TALLAHASSEE, Fla. — A bipartisan panel called Monday for top Republicans to reject President Donald Trump's baseless claims of voter fraud, warning that not doing so would impugn America's democratic tradition of a peaceful transition of power between two presidents.

What are the panel's roots?

Dubbed the National Task Force on Election Crises, it is a collective of more than four dozen legal scholars and former government officials who served in Republican and Democratic administrations. Members include former Homeland Security Secretary Michael Chertoff, former Republican National Committee Chairman and Maryland Lt. Gov. Michael Steele, and former FBI General Counsel Jim Baker. The task force was organized during the runup to the 2020 election.

What are examples of GOP positions the panel is taking issue with?

High-level Republicans who aren't acknowledging that President-elect Joe Biden has beaten Trump are contributing to a dangerous narrative, task force members told reporters Monday. In Florida, Gov. Ron DeSantis and state Chief Financial Officer Jimmy Patronis have both expressed support for the president's legal challenges of the vote in key swing states, with Patronis recently posting a cartoon on Twitter depicting a Democrat wearing 12 "I Voted" stickers — a reference to Trump's fraud allegations.

“Like a lot of Americans on social media the CFO enjoys the creativity of the internet," the state's Deputy Chief Financial Officer Frank Collins III said in an emailed statement. "The CFO is aware that a lot of twitter trolls, or specifically Democratic operatives, didn’t like the post because Florida went solidly for President Trump and Republicans which is very good news for the future of the Sunshine State. For other states that are currently dealing with questions of election fraud these issues will, and should be, handled in the court system."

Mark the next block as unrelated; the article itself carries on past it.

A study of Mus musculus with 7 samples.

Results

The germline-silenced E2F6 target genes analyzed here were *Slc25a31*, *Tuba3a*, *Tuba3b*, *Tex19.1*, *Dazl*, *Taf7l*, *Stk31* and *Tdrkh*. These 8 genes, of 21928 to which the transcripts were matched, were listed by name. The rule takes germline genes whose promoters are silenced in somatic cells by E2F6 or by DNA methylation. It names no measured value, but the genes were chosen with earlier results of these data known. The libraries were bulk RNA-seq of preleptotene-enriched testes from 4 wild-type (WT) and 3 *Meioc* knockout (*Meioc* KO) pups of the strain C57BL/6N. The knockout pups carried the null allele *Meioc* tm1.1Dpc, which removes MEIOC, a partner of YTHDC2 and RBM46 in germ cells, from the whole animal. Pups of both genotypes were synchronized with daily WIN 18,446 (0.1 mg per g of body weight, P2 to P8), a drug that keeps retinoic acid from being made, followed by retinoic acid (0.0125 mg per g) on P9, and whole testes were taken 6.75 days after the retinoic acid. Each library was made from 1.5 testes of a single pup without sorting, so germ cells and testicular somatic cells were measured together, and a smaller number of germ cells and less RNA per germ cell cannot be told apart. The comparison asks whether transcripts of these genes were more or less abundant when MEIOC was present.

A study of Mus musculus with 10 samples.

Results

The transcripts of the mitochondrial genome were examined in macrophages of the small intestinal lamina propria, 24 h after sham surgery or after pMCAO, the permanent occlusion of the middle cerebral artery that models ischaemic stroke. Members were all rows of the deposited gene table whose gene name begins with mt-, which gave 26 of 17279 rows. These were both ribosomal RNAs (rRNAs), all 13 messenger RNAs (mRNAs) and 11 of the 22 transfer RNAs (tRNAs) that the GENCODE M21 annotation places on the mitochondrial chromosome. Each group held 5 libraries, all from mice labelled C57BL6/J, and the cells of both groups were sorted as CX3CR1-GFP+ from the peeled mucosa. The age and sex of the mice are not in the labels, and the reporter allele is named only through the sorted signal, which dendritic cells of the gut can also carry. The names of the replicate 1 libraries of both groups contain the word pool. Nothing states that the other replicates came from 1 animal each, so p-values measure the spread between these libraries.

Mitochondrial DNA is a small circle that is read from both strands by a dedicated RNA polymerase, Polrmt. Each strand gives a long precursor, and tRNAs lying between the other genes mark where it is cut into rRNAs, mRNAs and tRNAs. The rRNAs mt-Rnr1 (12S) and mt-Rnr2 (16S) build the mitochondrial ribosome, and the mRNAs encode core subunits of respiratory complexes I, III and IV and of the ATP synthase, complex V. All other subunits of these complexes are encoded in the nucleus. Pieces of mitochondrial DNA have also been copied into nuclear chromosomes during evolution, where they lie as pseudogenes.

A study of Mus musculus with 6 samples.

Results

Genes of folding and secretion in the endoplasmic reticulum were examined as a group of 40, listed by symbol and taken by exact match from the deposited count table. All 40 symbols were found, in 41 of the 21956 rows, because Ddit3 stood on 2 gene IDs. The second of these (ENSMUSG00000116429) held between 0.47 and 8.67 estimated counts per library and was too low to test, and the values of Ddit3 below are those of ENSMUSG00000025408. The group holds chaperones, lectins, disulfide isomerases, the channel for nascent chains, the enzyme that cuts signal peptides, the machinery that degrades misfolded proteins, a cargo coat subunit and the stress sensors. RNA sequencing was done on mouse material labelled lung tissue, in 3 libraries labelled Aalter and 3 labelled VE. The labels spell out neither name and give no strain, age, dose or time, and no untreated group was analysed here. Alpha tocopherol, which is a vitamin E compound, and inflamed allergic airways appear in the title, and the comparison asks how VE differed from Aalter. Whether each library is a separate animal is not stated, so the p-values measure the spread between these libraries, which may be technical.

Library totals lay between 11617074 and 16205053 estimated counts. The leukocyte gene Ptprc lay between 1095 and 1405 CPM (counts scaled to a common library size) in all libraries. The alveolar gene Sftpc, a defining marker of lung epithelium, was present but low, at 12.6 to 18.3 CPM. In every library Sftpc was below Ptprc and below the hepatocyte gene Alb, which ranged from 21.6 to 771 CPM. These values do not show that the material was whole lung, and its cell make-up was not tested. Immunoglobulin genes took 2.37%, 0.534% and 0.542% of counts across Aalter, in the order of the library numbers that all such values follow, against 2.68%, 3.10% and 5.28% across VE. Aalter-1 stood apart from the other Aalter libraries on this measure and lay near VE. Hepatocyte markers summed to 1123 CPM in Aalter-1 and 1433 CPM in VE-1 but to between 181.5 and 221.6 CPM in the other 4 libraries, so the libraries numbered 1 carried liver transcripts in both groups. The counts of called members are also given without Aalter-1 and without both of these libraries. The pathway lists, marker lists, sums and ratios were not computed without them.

What are the risks of such positions, according to the task force?

At a time when voters have sent a message that compromise, rather than further divisiveness, should be the order of the day, Vanita Gupta — a task force member and the CEO of the Leadership Conference on Civil and Human Rights — says Republican endorsements of the president's attacks on the voting process are particularly inflammatory. "It does lead to further polarization, less compromise," Gupta said. "It can make it more difficult in the future to share and have buy-in on a common agenda that's going to benefit all Americans, and in this moment of a global pandemic, that could actually risk American lives, and that is a dangerous place for us to be in."

What concerns does the panel have about the mechanics of the presidential transition process?

The longer a concession is delayed, task force members say, the more difficult it will be for Biden to prepare the thousands of appointments he'll be tasked with making after taking office January 20. They took particular issue with the refusal of a Government Services Administration official to sign the customary paperwork required to release almost $10 million to the Biden transition team for its work over the next two months.

How are Republicans justifying their refusal to pressure the president to concede?

To a strikingly similar degree, top elected Republicans across the country have defended the president's position, saying he has "every right" to pursue legal challenges of vote counts in swing states. Some point to a possible Supreme Court review of the validity of late-arriving mail-in ballots as a potential game-changer.